Writer: Jane Wainwright
Director: Abbey Wright
Reviewer: Ian Foster
The Public Reviews Rating:
Barrow Hill is Jane Wainwright’s debut play, set in her native Derbyshire. 86 year old Kath Bilby is determined to save her local Methodist Chapel from being converted into flats as her family ties to the place are numerous and considerable. But when she finds it is her own son Graham, seeing an opportunity to address financial difficulties, who has won the building contract, both mother and son are forced to deal with their divided allegiances in this delicately moving tale at the Finborough.
Wainwright presents the idea of family loyalty and community as a double-edged sword. The succour that Kath finds from the wealth of family history and intimate familiarity around her is contrasted with the stifled ambition of grand-daughter Alison, itching to explore life beyond Derbyshire though keenly aware of how tightly the family bonds are felt. There’s a subtle grace to much of the writing here, Janet Henfrey’s determined feistiness convinced of her path of action and filling the void in a life where so many of her friends have died, and Cath Whitefield’s brusque wit just about hiding the more sensitive soul longing to come out.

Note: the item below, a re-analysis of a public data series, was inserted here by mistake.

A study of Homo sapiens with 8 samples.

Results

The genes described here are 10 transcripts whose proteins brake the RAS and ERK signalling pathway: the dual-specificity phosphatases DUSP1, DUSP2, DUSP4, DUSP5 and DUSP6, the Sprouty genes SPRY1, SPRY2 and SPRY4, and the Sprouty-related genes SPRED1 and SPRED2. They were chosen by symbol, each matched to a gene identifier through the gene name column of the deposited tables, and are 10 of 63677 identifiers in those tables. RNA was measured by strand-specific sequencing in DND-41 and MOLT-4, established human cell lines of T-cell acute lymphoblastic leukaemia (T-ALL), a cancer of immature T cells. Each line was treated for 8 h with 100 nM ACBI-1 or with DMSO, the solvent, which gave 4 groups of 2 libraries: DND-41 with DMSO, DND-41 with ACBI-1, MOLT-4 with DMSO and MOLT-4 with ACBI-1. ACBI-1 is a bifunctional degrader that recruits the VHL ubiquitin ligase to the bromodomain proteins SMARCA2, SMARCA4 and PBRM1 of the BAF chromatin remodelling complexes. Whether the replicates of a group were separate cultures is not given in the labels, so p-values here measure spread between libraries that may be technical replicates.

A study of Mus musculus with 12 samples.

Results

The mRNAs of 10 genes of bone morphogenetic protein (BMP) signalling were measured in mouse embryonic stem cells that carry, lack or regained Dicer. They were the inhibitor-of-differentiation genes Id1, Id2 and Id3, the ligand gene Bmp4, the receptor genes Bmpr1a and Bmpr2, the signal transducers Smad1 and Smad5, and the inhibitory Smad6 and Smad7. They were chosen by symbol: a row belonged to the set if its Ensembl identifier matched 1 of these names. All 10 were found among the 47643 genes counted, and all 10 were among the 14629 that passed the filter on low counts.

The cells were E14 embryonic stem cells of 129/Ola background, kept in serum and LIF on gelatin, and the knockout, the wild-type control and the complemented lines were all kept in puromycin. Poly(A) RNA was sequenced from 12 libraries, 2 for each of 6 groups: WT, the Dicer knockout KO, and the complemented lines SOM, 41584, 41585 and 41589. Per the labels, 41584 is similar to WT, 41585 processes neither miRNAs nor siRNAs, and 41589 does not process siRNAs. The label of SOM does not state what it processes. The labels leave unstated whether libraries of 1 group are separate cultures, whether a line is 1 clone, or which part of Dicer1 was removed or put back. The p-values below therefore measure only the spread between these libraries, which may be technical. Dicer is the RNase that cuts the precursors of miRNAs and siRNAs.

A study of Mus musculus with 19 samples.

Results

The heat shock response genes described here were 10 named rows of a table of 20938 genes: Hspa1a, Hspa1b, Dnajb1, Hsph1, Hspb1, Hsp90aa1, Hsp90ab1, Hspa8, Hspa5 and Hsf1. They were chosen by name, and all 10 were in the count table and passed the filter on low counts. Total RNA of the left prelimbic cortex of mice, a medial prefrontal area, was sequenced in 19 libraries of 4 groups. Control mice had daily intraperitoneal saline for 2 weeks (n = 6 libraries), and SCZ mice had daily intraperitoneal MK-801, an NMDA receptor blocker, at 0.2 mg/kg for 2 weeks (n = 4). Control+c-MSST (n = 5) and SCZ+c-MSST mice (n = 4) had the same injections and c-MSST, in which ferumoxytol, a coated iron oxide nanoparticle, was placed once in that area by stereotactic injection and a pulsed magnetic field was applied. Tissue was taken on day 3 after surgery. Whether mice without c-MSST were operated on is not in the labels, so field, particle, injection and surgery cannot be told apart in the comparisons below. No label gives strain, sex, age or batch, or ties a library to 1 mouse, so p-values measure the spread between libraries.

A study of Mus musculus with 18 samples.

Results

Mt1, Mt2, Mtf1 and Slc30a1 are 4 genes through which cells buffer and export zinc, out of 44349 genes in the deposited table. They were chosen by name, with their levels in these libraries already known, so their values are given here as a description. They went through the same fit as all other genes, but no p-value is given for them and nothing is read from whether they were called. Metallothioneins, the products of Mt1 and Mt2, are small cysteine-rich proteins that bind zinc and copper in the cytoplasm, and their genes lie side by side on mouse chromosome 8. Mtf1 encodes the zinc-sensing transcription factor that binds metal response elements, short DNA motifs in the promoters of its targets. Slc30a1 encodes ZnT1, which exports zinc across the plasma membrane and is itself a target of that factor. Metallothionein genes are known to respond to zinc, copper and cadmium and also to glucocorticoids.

But the play never quite kicks out of this understated gear. Wainwright doesn’t lend the central conflict between Kath and Graham the requisite teeth to make it compelling and Abbey Wright’s direction similarly doesn’t inject sufficient energy into the scenes that need it, in order to make this a story in which all the elements are as persuasive as each other. Charlie Roe thus struggles to make Graham a truly sympathetic character and so convince us of the gravity of his dilemma, and Mark Weinman is saddled with the rather under-developed Lucasz, too peripheral a character in an already slight piece.
Whilst perhaps lacking a serious dramatic drive, Barrow Hill does still possess a considerable charm, particularly in Avye Leventis and Tom Spink’s playful young couple, remnants from Kath’s memory who are woven around the main narrative and give us some significant indicators as to why she holds this chapel dearly to her heart. Henfrey’s central performance, at once restrained and impassioned, is certainly worthy of attention, but some might ultimately find the play a little too gentle for their tastes.